Famed investor Warren Buffett has become the second largest owner of First Empire State Corp. after converting preferred stock in the Buffalo bank into a half-million common shares worth $125 million.
The conversion represents a solid vote of confidence by "one of the savviest investors in the world," said Brett Erensel, an analyst with UBS Securities. By contrast, Mr. Buffett last year unloaded a large position in the preferred stock of Salomon Brothers Inc.
With his latest move, Mr. Buffett immediately racked up a large gain. National Indemnity Co., a unit of Berkshire Hathaway Inc., the investment firm Mr. Buffett heads, tallied an $84.7 million gain on its 1991 investment of $40 million.
First Empire's stock price edged down 50 cents to $246, but bank analysts said the dip was technical and will probably be short-lived.
National Indemnity owns a 7.41% stake in First Empire after converting its 9% convertible preferred stock to 506,930 shares of common stock
First Empire's largest stakeholder, with 23.3%, is an investment group led by the company's chairman, Robert G. Wilmers.
The new stake was disclosed in a stock acquisition statement, or 13D, with the Securities and Exchange Commission. Mr. Buffett and his firm are well known investors in various banks, including Wells Fargo & Co. and SunTrust Banks Inc.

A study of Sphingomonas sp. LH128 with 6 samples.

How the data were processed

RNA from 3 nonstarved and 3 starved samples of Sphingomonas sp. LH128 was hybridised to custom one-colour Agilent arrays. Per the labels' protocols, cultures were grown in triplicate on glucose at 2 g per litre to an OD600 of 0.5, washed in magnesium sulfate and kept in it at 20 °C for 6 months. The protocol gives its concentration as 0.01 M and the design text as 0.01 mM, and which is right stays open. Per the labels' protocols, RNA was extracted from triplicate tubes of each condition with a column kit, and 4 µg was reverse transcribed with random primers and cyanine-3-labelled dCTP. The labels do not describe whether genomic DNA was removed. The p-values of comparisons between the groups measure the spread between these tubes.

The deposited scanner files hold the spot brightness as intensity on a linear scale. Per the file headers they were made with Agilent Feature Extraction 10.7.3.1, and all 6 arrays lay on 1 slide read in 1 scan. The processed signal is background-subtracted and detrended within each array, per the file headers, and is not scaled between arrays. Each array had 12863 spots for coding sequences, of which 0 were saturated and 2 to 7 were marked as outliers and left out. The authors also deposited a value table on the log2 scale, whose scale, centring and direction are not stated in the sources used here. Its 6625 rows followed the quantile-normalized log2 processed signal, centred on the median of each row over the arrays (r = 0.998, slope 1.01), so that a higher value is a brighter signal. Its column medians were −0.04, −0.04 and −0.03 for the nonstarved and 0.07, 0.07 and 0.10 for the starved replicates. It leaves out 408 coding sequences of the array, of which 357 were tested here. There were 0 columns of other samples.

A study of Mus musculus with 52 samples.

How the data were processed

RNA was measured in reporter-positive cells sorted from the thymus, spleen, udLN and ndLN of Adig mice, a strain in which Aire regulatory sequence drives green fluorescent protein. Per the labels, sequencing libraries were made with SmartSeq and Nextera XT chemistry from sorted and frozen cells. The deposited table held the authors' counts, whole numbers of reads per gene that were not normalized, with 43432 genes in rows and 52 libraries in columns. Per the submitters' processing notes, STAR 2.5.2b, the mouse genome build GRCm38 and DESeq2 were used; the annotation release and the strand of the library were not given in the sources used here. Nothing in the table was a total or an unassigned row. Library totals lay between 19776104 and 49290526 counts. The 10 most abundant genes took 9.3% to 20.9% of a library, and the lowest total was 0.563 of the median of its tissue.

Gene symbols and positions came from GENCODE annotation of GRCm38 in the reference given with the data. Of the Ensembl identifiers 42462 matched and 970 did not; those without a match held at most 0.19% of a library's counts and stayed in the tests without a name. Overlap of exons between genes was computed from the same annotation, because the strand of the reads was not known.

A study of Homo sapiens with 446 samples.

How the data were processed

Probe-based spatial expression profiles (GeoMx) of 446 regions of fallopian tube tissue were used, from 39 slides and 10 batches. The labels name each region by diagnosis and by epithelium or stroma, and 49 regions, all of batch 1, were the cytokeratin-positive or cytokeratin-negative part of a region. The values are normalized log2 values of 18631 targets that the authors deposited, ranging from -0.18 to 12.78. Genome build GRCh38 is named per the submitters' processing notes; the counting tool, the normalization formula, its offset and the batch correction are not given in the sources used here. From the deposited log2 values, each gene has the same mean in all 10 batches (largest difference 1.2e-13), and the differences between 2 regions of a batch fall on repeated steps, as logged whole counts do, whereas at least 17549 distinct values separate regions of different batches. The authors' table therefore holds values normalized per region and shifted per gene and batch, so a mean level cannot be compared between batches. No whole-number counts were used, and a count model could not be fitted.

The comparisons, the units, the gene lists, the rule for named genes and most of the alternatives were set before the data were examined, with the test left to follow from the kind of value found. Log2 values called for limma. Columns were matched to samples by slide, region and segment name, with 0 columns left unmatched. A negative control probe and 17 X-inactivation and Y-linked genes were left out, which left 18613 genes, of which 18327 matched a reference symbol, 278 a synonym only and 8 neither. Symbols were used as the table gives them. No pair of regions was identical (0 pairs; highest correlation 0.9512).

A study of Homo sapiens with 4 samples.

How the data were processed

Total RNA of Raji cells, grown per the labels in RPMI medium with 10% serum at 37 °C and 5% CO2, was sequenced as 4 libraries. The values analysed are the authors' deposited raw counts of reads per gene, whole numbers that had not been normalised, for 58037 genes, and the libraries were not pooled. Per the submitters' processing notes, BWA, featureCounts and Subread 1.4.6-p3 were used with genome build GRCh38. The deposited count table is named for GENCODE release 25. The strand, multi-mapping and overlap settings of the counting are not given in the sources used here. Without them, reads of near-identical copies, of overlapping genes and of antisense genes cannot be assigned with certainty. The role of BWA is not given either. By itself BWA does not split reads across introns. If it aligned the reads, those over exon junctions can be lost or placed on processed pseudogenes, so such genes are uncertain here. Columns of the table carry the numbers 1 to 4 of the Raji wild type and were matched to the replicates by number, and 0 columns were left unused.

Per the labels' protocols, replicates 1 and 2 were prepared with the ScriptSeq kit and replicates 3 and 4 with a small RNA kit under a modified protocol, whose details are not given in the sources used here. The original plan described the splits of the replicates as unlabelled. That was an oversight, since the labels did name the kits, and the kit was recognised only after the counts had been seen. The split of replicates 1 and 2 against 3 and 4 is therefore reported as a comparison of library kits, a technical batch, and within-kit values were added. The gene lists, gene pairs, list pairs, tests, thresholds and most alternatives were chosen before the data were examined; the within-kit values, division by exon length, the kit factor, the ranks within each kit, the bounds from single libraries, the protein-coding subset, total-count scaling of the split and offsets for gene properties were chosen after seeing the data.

Mr. Erensel of UBS expressed no concern about Tuesday's slight dip in First Empire's stock price.
The movement was "the result of supply and demand because there is more common stock outstanding after his conversion," he said. "More supply tends to press the price of anything."
"The stock will bounce back," he said.
It remains to be seen, of course, whether Mr. Buffett will hold, reduce, or add to his stake in First Empire.
Mr. Buffett's largest bank holding is Wells Fargo, the San Francisco banking company. As of March 31, he owned 14% of the company's stock, a stake valued at $1.5 billion, according to Tuesday's SEC filings. That holding represents 7% of Berkshire's overall investments.
The Omaha-based investor has several times added to his Wells Fargo stake. At the end of 1994, Berkshire owned 13.3% of Wells Fargo.
On the other hand, he has recently reduced his ownership in Pittsburgh's PNC Bank Corp.
In other news of banking stocks, Wheat First Butcher Singer, the Richmond, Va., brokerage firm, downgraded Integra Financial Corp., Pittsburgh, to "hold" from "buy" and Capital One Financial Corp, Richmond, to "hold" from "outperform." Both moves were based on valuation.
Shares of Integra Financial, which will soon merge with National City Corp., Cleveland, closed at $72.75, down 50 cents, while Capital One shares closed at $27.65, down 87.5 cents.